Chinese authorities said Wednesday they were starting the prosecution of 12 Hong Kong activists who were caught while allegedly trying to flee the city for Taiwan by boat.
The group was snared some 70 kilometres (43 miles) southeast of the city on August 23, authorities said previously, before being handed to police in the neighbouring mainland metropolis of Shenzhen.
In a social media notice, the People’s Procuratorate of Yantian District in Shenzhen said Tang Kai-yin and Quinn Moon were suspected of organising for others to cross the border.
Eight others, including Cheng Tsz-ho and Cheung Chun-fu, stand accused of an illegal border crossing.
Two others involved in the case, who are minors, face non-public hearings, according to the notice.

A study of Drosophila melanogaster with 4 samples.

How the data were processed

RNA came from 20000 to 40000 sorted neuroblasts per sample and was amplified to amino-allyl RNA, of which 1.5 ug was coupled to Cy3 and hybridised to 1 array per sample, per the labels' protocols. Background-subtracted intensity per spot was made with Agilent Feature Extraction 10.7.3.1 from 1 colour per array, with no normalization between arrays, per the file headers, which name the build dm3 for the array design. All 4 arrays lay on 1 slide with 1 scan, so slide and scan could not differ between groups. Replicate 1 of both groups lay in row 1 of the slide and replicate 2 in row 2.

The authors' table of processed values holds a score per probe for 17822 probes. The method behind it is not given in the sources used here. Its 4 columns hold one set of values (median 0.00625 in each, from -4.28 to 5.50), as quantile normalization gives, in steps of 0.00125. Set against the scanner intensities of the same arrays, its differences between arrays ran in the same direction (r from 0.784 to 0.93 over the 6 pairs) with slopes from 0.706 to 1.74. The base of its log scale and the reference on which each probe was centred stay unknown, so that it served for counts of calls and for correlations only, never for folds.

The activists — whose arrests were formally approved in September — had disappeared into China’s opaque judicial system since their capture, with lawyers struggling to access them and family members expressing fear over their fate.
Some of those aboard the boat were facing prosecution in Hong Kong for activities linked to last year’s huge and often violent pro-democracy protests.
Although Hong Kong has its own internationally respected common law legal system, where detainees are promptly produced after their arrest and tried in open court, mainland China’s judicial system is notoriously opaque, with conviction all but guaranteed.
In June, Beijing imposed a new security law on Hong Kong, announcing it would have jurisdiction for some crimes and that mainland security agents could openly operate in the city.
With Beijing clamping down on Hong Kong’s democracy movement, democratic Taiwan emerged as a sanctuary, quietly turning a blind eye to residents turning up without proper visas or paperwork.